Mead, sometimes referred to as honey wine, may not be a popular fermented drink any longer, but it is one of the most ancient ones, and it’s very easy to make. It is made by fermenting honey with water, usually with some flavouring added. Depending on the concentration of honey in the water, and on how the fermentation in managed, mead can be sweet or dry, still or sparkling. Dry mead will usually be more alcoholic (up to 20%), as all the sugar in the honey is fermented, and if you bottle the brew before the fermentation is completed you will end up with a fizzy drink as the CO² from the fermentation is trapped in the bottle.
The recipe below which we use at Macalla Farm makes a sweet and sparkling mead with a low alcohol content, but it can also be adapted by letting the fermentation go on for longer to give a dryer and more alcoholic mead.
Because our honey production is very small, at Macalla Farm, we extract honey by simply pressing the comb through a sieve. As anyone who has ever extracted honey in this way knows, quite a bit of honey is left in the comb. As we’d hate to waste this, we wash the wax with warm water and use this water to make mead. One could, of course just take honey from a jar, dilute with water, and make mead this way.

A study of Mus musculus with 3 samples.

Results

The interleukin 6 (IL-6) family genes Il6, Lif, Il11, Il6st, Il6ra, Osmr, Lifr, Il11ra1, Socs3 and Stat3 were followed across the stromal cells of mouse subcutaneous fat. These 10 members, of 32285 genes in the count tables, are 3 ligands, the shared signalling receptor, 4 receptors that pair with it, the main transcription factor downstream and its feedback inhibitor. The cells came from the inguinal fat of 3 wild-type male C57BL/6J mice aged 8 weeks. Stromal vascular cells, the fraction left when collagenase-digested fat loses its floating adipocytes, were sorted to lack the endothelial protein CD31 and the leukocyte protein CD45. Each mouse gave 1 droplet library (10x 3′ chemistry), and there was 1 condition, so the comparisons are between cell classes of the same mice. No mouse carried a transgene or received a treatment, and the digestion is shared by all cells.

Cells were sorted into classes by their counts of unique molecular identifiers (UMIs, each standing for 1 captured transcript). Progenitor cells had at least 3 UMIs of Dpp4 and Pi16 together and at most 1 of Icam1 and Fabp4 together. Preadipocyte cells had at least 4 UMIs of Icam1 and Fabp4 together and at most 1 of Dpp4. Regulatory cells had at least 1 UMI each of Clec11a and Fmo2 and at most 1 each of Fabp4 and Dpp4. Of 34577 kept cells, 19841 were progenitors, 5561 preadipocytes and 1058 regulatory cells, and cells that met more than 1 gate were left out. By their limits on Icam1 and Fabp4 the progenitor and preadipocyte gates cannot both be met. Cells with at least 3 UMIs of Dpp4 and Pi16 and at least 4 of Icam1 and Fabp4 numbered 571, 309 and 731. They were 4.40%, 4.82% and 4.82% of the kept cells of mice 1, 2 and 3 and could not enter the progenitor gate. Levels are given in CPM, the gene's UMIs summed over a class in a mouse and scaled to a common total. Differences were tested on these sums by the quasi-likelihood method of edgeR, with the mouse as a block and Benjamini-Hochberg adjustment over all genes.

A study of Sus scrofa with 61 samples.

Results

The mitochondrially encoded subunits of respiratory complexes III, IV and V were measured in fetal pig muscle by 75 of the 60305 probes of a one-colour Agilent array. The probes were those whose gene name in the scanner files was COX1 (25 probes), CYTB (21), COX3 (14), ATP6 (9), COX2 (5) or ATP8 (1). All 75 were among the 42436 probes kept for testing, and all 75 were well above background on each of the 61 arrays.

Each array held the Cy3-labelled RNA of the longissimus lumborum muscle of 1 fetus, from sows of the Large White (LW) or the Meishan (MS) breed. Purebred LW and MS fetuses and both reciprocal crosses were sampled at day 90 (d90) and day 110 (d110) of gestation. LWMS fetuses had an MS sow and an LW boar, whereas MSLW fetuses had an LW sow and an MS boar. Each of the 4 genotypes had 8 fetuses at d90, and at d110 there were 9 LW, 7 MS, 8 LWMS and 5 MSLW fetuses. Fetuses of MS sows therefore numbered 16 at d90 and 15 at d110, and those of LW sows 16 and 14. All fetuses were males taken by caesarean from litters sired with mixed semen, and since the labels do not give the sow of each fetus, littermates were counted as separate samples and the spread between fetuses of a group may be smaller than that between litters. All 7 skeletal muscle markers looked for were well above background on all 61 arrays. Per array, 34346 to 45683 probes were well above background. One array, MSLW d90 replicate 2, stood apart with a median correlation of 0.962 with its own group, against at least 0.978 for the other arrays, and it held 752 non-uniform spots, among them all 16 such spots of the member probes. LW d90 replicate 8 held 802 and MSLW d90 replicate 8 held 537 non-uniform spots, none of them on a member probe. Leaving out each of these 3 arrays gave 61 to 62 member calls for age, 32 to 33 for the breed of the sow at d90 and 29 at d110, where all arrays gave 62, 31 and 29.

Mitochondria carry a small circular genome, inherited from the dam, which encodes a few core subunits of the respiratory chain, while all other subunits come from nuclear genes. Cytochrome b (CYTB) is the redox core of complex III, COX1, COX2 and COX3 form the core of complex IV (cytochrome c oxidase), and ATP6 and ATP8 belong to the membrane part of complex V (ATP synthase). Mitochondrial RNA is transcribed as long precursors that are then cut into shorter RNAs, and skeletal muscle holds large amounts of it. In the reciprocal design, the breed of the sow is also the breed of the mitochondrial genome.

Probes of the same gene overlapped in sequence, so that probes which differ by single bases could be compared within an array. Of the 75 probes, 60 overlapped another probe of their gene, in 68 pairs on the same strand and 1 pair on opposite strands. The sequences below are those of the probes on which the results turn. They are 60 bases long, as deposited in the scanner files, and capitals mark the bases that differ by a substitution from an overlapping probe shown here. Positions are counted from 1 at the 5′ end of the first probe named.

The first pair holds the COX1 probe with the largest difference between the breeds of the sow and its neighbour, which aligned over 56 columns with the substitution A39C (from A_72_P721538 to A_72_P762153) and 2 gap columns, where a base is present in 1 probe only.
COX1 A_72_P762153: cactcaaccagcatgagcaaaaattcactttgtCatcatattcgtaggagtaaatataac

80g of honey per litre of water is probably ideal, but you could use more if you want a sweet (or a fairly alcoholic) mead or a little less to make a dry fizzy drink.
I just taste the water and add more to dilute the honey further if I find it too sweet. I then add grated ginger and the juice of one lemon for every 2 litres of water (yeast prefers a slightly acid medium, so this will speed up fermentation, as well as giving a bit of extra sharpness to the final product). Cover the brew with a cloth and leave it in a warm place, stirring (and tasting) daily. After a few days, the brew will start to foam, indicating that the fermentation has started. Keep stirring and tasting until the brew has reached the ideal balance between sweetness and sharpness (this, of course, is a matter of personal taste). As I like a sweet drink with a low alcohol content, I find 3 or 4 days to be ideal, but it would be possible to let the brew ferment longer to full dryness.
Once you are happy with the taste, filter and bottle in glass beer bottles (Swing Top). Note that no other types of bottles should be used (this is true for all fermented drinks; even Kumbucha can get fizzy enough to blow up an ordinary bottle– I’ve seen it happen).
Leave to ferment in the bottles for a day or two, by then it should be fizzy enough. Put the bottles in the fridge (this will slow down the fermentation), and enjoy soon.